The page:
NCBA PUSHES BACK ON USDA DECISION TO ALLOW BEEF IMPORTS FROM PARAGUAY
The National Cattlemen’s Beef Association says it strongly opposes the USDA’s decision to allow beef imports from Paraguay.
Kent Bacus, executive director of government affairs, says NCBA has repeatedly raised concerns over the country’s history of foot-and-mouth disease (FMD). “We laid out some really, really strong claims backed by science, backed by USDA’s own studies, to call into question the safety of Paraguay’s imports,” he says.
He says USDA based its ruling on outdated in-country visits. “USDA also didn’t take into consideration the fact that roughly 85% of the foot and mouth disease mitigation measures that Paraguay is supposed to use are funded from the private sector,” he says. “Those are funded from cattle sales and a lot of other things outside of the government.” The USDA’s Animal and Plant Health Inspection Service says it conducted a risk analysis and decided fresh beef can be imported safely from Paraguay under certain conditions.
Bacus tells Brownfield NCBA feels like USDA just kind of went through the motions on this. “And we’re going to continue to oppose this. We’re going to talk about where we think they got it wrong and why they should review it,” he says.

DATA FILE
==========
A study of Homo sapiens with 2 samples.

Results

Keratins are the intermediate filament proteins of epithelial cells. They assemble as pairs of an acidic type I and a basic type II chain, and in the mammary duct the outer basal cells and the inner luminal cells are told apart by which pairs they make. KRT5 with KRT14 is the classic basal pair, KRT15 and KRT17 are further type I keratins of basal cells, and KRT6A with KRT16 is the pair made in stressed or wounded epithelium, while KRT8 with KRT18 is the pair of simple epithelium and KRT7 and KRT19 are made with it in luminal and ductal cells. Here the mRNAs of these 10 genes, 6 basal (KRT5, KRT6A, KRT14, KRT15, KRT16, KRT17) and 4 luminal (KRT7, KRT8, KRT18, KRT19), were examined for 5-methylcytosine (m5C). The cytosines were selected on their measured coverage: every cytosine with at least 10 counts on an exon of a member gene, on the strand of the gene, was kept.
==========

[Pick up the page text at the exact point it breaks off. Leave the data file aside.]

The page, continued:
He says the industry is vigilant in its efforts to keep foreign animal diseases out of the U.S. “We know it’s a priority for USDA, but it has to be a priority all the time,” he says. “We can’t choose to make exceptions when it’s politically convenient, or it helps us move the needle for certain other commodities. We have to be objective. We have to hold everyone to a high standard.”
The rule was published in the Federal Register today and will be open for public comment for 60 days.
The conditions include verifying that:
- Foot-and-mouth disease (FMD) has not been diagnosed in the exporting region in the past 12 months,
- The meat comes from premises where FMD has not been present during the lifetime of any of the animals, and
- The animals were inspected before and after death, among others.
The parameters are consistent with the World Trade Organization’s Agreement on the Application of Sanitary and Phytosanitary Measures.